Why Are Startups Running at a Level Where They Can Lay Off 1/3?
Posted by Bob Warfield on October 18, 2008
Hard times are on us, and we’re all watching with some concern how this impacts the High Tech Startup World. It’s terrible to see the grim heart to hearts investors are having with their portfolio companies, and worse still to read the constant announcements where another startup is laying off a bunch of people.
I was chatting with someone recently about exactly how they were determining who should go. It should be a terribly difficult thing to decide for a startup in my view. After all, startups should be lean and mean, right?
If you’ve ever been at a large company that had to layoff, you’ll be familiar with the notion that you can always cut the bottom 10% and little harm wil be done. One hears this refrain constantly in those situations, and its accurate. But I have a hard time understanding why it should be accurate for a startup. When we’re talking about laying off 1/3 rather than 10%, it becomes even more outlandish to contemplate.
Startups need to have laser like focus to succeed. They need to find leveraged ways of doing things. It’s useful to outsource anything outside the startup’s distinctive area of competence. These days Cloud Computing makes it possible not to even have to own a data center. We know that smaller more agile development teams work better.
How then are we still creating startups that can afford to shed 1/3 of their staff and still survive?
It would seem to me that the goal for any startup should be creating an organization that wouldn’t survive if 1/3 of the people had to go. After all, startups should be lean and mean. They should be focused on being nimble and doing less with more.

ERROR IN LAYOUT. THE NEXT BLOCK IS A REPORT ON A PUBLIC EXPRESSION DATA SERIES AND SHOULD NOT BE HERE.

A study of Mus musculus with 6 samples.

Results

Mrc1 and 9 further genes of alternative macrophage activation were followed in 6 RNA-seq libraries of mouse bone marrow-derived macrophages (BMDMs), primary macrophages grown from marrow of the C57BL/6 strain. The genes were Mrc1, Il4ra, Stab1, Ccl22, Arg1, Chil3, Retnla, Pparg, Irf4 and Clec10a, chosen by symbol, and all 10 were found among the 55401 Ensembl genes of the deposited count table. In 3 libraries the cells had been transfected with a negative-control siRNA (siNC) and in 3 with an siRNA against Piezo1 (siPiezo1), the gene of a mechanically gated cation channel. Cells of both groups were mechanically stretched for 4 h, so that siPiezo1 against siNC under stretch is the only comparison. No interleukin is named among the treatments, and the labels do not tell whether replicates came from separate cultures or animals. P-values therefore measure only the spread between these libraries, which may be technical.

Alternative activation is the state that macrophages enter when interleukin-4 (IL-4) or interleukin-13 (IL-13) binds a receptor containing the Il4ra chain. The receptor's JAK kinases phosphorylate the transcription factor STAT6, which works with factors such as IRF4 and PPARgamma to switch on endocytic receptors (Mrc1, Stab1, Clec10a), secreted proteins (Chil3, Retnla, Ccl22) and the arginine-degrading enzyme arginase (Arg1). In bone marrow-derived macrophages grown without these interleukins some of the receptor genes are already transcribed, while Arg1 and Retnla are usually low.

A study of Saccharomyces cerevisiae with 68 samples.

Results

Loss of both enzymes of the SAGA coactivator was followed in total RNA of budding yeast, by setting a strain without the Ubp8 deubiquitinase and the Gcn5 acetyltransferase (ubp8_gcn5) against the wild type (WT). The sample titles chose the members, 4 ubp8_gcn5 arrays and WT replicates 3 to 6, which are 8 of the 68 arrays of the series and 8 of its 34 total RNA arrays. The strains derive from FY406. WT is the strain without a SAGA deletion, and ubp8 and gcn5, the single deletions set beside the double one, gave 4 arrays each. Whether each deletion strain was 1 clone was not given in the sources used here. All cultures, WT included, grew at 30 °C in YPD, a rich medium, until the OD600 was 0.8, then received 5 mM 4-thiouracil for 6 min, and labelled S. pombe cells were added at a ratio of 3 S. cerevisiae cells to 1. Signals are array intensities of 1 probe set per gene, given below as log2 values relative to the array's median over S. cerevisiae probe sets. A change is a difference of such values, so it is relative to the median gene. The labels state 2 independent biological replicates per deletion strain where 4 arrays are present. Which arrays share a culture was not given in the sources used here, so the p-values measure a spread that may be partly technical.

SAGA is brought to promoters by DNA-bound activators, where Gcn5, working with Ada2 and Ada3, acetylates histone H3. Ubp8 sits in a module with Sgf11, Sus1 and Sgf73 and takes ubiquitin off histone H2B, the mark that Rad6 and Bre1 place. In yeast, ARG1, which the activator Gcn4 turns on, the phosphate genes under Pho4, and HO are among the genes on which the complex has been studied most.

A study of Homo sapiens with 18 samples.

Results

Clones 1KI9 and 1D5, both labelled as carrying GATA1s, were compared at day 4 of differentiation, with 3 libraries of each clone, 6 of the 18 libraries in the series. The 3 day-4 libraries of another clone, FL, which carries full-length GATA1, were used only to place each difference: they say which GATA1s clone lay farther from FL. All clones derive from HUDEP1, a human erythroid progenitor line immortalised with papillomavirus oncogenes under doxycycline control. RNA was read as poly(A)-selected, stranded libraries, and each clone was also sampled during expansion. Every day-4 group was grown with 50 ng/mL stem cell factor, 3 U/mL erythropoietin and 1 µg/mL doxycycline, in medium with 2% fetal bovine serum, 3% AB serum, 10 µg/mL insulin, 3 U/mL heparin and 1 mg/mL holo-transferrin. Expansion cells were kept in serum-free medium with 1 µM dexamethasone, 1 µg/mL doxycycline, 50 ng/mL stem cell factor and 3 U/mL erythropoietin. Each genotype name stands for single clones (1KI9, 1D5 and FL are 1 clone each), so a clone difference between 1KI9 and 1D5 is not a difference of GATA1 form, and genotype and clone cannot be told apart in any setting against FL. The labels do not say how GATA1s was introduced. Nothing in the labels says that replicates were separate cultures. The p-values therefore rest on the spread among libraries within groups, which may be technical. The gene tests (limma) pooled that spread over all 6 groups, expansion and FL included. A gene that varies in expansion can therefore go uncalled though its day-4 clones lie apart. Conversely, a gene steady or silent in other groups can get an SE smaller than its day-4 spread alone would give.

How to go about doing that? Here are some thoughts:
– Hire fewer, more senior people.
– Hire doers, not managers. Every person in a startup should be capable of producing some form of content–writing code or at least specs, helping test the software, closing deals, writing marketing content, and so on. It’s a warning sign if you have someone in the organization who has to look to others either inside or outside the company for every single deliverable.
– Outsource everything that isn’t your distinctive competence and that you can find competent outsourcers to handle.
– Analyze every new hire by asking whether they are better than the median person in their group. If so, you’re raising your standards, and that’s a good thing. If not, why are you making that hire?
– Look for people comfortable wearing more than one hat. It makes load balancing much easier and it improves organizational harmony by getting more people working together outside their silos.
– You should almost never hire capacity in anticipation of demand. Fill all the basic functions well with good people and then hang on to the tiger by the tail.
– Do not measure people by how quickly they hire. Measure by how well they hire.
These rules apply even in good times, but most of all in bad times.
Mike Arrington says, “Some CEOs see this as a once-in-a-startup opportunity to get rid of the deadwood in the company.” Wow. I couldn’t ask for a better reaffirmation of what I’m saying above. Why did you hire that deadwood, Mr Startup CEO? Worse, why did you let it stack up so high? Granted, some startup CEO’s are very inexperienced, but hiring someone is a very serious matter. There are few decisions you’ll make that matter more.
Seth Godin weighs in very much in the same camp I am with “too small to fail.” He points out that even when a company is relatively big, there is tremendous advantage in thinking small. Read his great post for more insights.